Hello, do you have any thoughts / plans for how one might calculate a “combined” dependency score that takes into account both the RNAi and the CRISPR dependency data?
Whether it’s helpful to combine CRISPR and RNAi gene effects depends on the use case. CRISPR knockout generally results in a much stronger effect on cell viability than RNAi partial suppression. This means that for a given gene, there is usually selectivity or variation in dependency observed across cell lines using one of the perturbation types (CRISPR or RNAi), but not both. The exceptions where we see meaningful variation in both CRISPR and RNAi datasets are typically classic oncogenes or tumor suppressors where viability effect is large enough to detect using RNAi and occurs in a clear subset of cell lines harboring an activating or damaging mutation. Therefore, if you are interested in studying oncogene dependencies, we expect reasonable agreement between perturbation types and you might benefit from integrating CRISRP and RNAi data.
If you are interested in identifying synthetic lethality or dependencies associated with more complex cancer cell states, you might want to first determine which dataset is better at capturing biologically relevant variation for your gene of interest. For example, looking at correlations between a gene dependency and other dependency data or CCLE gene-level features, it’s a good sign if top correlations are enriched for genes with prior evidence of association (PPI, CORUM, MSigDB). It’s a bad sign if the top correlates are confounding variables, such as Cas9 activity, media type, or other screen quality metrics. You will usually find that one perturbation type is superior by these metrics and combining data with other dependency data only adds noise.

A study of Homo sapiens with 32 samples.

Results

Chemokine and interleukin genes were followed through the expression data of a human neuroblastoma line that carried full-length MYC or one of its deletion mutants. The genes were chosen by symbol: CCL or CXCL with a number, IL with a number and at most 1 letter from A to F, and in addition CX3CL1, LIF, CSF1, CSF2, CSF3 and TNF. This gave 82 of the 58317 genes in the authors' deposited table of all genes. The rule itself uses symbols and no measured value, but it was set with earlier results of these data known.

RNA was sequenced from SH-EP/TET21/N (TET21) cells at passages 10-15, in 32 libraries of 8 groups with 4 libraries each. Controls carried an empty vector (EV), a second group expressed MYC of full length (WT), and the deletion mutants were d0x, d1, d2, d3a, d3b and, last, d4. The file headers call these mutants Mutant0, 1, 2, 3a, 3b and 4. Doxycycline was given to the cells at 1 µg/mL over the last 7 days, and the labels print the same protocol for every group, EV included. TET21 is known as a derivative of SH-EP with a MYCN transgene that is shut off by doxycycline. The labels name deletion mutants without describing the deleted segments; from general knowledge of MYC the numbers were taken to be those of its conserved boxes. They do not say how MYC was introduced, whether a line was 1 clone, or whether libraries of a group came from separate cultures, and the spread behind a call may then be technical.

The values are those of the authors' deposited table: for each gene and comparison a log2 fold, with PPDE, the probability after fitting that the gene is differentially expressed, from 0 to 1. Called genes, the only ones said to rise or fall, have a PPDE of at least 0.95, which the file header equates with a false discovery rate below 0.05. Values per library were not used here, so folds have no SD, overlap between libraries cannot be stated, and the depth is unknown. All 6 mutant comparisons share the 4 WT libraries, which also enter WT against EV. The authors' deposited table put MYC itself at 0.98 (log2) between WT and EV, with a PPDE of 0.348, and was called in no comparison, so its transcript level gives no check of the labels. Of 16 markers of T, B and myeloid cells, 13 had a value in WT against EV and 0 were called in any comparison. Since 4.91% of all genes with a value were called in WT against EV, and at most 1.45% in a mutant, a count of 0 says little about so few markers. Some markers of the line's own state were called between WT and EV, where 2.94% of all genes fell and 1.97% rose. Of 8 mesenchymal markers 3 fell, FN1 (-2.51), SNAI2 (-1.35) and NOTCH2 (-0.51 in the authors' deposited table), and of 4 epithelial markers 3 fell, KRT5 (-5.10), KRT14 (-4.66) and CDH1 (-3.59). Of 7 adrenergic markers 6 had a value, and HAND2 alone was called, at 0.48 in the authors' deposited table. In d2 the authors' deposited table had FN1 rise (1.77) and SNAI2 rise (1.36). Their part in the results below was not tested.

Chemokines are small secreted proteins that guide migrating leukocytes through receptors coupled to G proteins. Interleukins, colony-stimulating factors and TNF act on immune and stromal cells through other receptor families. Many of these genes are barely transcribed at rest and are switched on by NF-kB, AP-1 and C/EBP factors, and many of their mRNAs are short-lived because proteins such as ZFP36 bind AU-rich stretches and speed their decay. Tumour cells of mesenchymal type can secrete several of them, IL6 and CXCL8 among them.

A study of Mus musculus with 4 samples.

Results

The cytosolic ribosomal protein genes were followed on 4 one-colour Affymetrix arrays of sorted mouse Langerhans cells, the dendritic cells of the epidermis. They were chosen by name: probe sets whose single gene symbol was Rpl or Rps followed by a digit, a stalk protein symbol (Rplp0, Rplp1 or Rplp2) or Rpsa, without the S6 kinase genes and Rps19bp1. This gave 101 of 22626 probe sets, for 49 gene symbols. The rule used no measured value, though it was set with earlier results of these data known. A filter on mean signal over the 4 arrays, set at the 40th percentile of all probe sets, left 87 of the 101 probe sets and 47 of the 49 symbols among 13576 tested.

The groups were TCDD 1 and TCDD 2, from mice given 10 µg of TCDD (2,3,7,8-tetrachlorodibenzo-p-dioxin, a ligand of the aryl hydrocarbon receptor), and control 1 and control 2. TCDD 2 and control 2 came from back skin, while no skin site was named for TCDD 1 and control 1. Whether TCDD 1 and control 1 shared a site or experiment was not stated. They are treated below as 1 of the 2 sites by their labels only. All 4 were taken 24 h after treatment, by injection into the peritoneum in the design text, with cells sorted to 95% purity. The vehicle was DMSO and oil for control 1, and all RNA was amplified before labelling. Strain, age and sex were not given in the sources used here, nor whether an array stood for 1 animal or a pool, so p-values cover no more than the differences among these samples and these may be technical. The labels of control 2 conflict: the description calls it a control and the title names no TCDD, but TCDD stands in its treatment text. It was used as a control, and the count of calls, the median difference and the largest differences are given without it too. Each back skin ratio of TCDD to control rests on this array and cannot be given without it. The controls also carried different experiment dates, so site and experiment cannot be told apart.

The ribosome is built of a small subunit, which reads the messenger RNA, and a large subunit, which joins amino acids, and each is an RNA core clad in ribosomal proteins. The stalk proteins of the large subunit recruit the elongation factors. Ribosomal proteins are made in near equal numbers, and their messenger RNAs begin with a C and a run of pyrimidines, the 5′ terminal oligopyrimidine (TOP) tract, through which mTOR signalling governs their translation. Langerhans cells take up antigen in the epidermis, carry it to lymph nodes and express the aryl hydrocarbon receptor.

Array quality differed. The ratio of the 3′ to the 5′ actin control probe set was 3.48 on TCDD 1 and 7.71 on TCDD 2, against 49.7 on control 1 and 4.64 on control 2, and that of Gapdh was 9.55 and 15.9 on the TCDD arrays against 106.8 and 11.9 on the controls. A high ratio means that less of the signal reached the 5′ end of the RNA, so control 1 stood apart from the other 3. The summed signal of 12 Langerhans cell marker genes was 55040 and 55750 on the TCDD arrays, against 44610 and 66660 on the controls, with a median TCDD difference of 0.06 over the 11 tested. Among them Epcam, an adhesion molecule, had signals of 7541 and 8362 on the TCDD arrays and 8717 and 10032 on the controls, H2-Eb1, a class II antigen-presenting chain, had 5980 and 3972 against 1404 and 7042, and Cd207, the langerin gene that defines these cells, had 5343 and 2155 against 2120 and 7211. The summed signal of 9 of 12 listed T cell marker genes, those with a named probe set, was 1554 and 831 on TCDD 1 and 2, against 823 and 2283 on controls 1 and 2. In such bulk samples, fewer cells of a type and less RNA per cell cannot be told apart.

Unlike datasets of the same perturbation type (DRIVE & Achilles RNAi, Project Score & Project Achilles CRISPR), we don’t necessarily expect the same cell response different perturbation types (partial mRNA suppression vs. knockout). One might consider combining the data using per gene weightings based on data confidence, but defining a confidence metric that applies to all use cases would be challenging. For example, CRISPR knockout shows that PRMT5 is a common essential gene. RNAi knockdown shows that there is variation in PRMT5 dependency and more clearly identifies that the most dependent cell lines have MTAP loss. They are both accurate. Whether you assign higher confidence in the CRISPR or RNAi data for PRMT5 depends on the question you’re asking.
Thank you for the extremely detailed answer, very much appreciated!